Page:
Cancer has the terrifying ability to spread from any part of the body to another – and it’s part of what has always made these debilitating diseases so deadly. This process, known as metastasis, has always baffled scientists. Now, though, a new study may have pointed researchers in the right direction to help them understand how cancer spreads, which could also lead to new treatment options in the future.
The breakthrough in how cancer spreads came about during research conducted by a team based at the Cancer Research UK (CRUK) Cambridge Institute at the University of Cambridge. The researchers found that blocking the activity of certain proteins, like the NALCN protein, can also trigger the metastasis of cancer cells in mice.
The fight to find new treatment options for cancer has been a long and arduous one. Doctors have created a radioactive gel that can kill skin cancer cells, and some have even discovered that Viagra acts as an anti-cancer drug, too.
This new research could have given us a much-needed breakthrough in understanding why and how cancer spreads the way that it does. Which could open new treatment options for many. On top of spreading the cancer cells through metastasis, the researchers also found that the NALCN protein may also be responsible for stopping healthy cells from traveling to other parts of the body.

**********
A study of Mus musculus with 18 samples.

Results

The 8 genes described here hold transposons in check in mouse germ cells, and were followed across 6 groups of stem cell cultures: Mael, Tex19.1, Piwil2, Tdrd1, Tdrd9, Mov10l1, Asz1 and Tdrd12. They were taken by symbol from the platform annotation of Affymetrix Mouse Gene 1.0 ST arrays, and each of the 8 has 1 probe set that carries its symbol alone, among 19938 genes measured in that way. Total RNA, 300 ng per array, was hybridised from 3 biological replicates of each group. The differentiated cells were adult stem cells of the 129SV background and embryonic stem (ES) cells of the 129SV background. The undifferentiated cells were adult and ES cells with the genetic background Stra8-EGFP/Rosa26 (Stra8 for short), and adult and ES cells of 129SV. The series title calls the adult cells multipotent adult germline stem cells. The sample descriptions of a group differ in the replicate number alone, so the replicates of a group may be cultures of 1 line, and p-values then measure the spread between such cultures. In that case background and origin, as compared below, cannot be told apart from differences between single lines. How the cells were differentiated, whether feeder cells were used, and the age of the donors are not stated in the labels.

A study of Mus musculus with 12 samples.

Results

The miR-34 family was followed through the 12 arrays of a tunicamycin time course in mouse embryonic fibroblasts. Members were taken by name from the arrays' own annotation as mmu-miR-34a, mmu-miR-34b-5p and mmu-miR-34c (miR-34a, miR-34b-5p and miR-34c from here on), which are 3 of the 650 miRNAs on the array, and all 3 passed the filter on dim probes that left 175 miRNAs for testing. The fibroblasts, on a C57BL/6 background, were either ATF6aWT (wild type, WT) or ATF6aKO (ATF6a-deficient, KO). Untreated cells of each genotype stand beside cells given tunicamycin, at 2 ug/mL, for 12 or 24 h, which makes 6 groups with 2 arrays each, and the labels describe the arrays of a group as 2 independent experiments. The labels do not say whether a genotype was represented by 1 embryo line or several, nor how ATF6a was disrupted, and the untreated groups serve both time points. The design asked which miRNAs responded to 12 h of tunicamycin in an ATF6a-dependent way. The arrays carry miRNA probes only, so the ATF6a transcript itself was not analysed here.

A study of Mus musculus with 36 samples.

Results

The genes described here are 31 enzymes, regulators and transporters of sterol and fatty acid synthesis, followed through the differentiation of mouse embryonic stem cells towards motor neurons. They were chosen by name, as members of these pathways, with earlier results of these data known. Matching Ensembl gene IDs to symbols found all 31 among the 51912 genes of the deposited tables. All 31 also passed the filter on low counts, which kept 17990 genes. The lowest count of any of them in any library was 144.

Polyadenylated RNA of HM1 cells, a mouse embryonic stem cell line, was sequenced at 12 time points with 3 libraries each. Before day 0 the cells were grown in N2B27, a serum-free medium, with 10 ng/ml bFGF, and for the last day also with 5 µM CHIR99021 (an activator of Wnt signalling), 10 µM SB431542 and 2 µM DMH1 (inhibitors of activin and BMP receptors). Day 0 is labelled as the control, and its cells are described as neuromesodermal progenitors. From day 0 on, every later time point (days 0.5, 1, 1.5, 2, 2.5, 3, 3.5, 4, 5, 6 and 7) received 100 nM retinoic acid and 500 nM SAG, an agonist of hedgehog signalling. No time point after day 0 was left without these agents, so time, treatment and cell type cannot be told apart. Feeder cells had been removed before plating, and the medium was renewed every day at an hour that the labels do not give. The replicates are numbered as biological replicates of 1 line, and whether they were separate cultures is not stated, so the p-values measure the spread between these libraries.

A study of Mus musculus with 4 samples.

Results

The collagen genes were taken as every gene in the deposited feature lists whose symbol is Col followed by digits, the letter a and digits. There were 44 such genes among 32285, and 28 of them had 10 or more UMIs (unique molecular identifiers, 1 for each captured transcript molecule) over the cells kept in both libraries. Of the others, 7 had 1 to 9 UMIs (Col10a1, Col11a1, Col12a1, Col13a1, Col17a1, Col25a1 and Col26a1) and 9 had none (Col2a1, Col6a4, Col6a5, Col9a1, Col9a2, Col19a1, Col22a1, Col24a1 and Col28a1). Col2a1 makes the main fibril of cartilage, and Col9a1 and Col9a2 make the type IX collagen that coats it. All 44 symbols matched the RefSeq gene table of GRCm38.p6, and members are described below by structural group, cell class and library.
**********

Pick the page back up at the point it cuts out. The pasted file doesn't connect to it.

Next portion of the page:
When the NALCN protein was removed, the researchers saw healthy cells from the pancreas migrating to the kidney, becoming healthy kidney cells. As a result of these findings, the researchers believe that metastasis, the main way cancer spreads, may not be an abnormal process tied to the disease after all.
This is especially huge news given that metastasis is the primary way that cancer cells transfer from one section of the body to another. And, since healthy cells can also utilize this transferring process, it may allow for more treatment options to be developed in the future. Understanding how cancer spreads has always been a key part of finding new ways to treat it.
The researchers published a paper on their findings in Nature Genetics.